A company owned by developer Seán Dunne’s son, John Dunne, is liable for €1.4 million in stamp duty on the 2013 sale of the house Walford on Shrewsbury Road, Dublin, the Court of Appeal (CoA) has ruled.
A year ago, the High Court found Yesreb Holdings was liable for €1.4 million on the sale of Walford, which was the country’s most expensive house when it was sold for €57.9 million in 2005-2006. Yesreb had argued the duty should only be €270,000.
On Wednesday the CoA upheld the High Court decision.
Seán Dunne bought Walford in 2005-2006 for €57.9 million and held it in the Matsack Nominees trust for his now ex-wife Gayle Killilea. The couple never lived there.
In 2013, while it was still in Matsack, it was sold for €14 million to Yesreb Holding, a Cypriot company owned by John Dunne and held for the benefit of John and his three siblings. It was later sold for €14.25 million to another trust, Celtic Trustees, which was set up by financier Dermot Desmond for the benefit of his children.
Yesreb paid €270,000 in stamp duty based on the 2013 purchase price. But in 2016 Revenue assessed the amount payable, inclusive of the €57 million 2005 price, at about €1.4 million. This included a deduction for interest due which was around the same amount already paid by Yesreb.
The primary issue in the proceedings before the commissioner and the courts was whether the conveyance to Yesreb was a sub-sale of the property.
If it was, the conveyance was sufficiently stamped for €270,000 and if not, it attracted a liability for stamp duty of €1.4 million plus interest. A secondary issue was whether, even if it was subject to the higher amount, Yesreb was the “accountable person” in respect of any more than the €270,000 that it paid.
After Revenue made a €1.4 million plus interest assessment, Yesreb appealed to a tax appeals commissioner, who upheld the Revenue’s decision.
The commissioner found that to avail of sub-sale relief, the conveyance must have been “in consequence” of two separate contracts. She concluded that, since Seán Dunne had no interest, legal or equitable, in the property at the date of the sub-sale contract, he had no capacity to conclude the contract.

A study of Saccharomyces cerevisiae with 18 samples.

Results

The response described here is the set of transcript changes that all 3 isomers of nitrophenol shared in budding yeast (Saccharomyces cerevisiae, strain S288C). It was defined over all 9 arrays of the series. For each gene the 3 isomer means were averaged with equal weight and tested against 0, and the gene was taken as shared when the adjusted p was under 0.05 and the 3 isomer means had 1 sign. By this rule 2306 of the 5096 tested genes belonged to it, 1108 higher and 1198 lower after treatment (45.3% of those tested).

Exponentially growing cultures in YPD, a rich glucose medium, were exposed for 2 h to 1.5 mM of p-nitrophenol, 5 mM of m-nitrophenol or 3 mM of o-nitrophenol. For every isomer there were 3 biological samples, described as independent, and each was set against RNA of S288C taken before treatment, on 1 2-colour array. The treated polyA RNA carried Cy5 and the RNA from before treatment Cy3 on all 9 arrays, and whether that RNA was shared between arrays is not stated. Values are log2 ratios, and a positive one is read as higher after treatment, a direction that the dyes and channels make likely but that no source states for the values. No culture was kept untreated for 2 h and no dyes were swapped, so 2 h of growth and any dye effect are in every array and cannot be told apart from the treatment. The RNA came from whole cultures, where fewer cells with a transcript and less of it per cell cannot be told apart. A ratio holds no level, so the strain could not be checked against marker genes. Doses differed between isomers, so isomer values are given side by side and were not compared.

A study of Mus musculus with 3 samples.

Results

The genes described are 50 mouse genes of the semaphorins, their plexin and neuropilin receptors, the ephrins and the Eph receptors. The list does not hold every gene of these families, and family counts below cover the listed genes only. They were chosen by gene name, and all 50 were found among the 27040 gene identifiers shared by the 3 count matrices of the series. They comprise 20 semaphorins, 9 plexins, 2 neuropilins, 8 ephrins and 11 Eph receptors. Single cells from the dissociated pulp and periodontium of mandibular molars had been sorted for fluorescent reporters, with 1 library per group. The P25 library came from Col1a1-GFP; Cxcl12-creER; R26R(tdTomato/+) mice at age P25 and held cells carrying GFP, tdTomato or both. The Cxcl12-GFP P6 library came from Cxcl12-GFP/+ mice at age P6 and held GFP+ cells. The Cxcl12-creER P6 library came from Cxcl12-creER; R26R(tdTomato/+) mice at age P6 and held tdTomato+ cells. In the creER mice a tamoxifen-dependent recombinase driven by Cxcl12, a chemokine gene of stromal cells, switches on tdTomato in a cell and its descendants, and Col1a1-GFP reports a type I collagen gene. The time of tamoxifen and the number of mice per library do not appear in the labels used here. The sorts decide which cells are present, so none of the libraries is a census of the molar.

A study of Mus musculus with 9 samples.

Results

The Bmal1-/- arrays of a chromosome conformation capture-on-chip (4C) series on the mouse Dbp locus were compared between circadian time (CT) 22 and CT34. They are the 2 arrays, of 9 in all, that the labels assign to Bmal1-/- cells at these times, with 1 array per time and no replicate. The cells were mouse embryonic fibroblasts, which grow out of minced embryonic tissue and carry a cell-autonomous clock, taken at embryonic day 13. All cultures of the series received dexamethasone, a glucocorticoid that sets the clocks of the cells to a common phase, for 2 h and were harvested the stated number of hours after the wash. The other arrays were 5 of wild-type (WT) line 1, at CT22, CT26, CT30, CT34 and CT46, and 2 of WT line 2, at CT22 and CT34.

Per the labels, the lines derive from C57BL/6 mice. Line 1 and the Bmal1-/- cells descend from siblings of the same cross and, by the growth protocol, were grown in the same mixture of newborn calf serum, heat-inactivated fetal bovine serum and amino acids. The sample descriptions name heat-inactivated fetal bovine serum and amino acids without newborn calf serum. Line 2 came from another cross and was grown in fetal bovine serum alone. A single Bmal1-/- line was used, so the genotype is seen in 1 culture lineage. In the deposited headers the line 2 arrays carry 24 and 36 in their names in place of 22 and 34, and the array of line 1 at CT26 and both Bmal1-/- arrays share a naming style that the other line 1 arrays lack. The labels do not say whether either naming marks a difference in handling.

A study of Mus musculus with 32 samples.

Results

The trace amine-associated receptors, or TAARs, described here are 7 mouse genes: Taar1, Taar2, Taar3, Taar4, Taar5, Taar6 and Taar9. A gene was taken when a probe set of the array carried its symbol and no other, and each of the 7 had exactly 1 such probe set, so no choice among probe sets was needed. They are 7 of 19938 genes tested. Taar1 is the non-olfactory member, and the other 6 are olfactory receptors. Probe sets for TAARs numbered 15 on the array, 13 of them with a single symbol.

The commissioner then stated a case to the High Court at the request of Yesreb to determine if she was correct in law.
In June last year, the High Court found the commissioner was correct.
Yesreb appealed and the Revenue opposed the appeal.
In a judgment on behalf of the three-judge CoA, Mr Justice Senan Allen said Seán Dunne did not have a power of sale in March 2013 so he could not have validly contracted for a sub-sale to Yesreb.
As Mr Dunne had no such power, there could be “no legal nexus” between the contract of March 28th, 2013, and the conveyance of the following day, the judge said. Therefore the conveyance cannot have been in consequence of that contract, he said.
Whatever “notional residual interest”, if any, that Mr Dunne might have retained in the 2005 contract, the conveyance to Yesreb required the concurrence of the original 2005 vendors (executors of the estate of the previous owner) and of Ms Killilea at least, if not also of Matsack Nominees.
“That being so, it cannot be said that the same property was immediately conveyed to Yesreb”, he said.
He was satisfied the High Court was correct in finding the commissioner was right to determine that the necessary conditions were not met to avail of sub-sale relief, in accordance with stamp duty legislation in relation to the March 2013 deed of conveyance. Yesreb was, therefore, unable to avail of sub-sale relief.
He also rejected Yesreb’s argument that it was not the “accountable person” for any more than the €270,000 stamp duty it paid.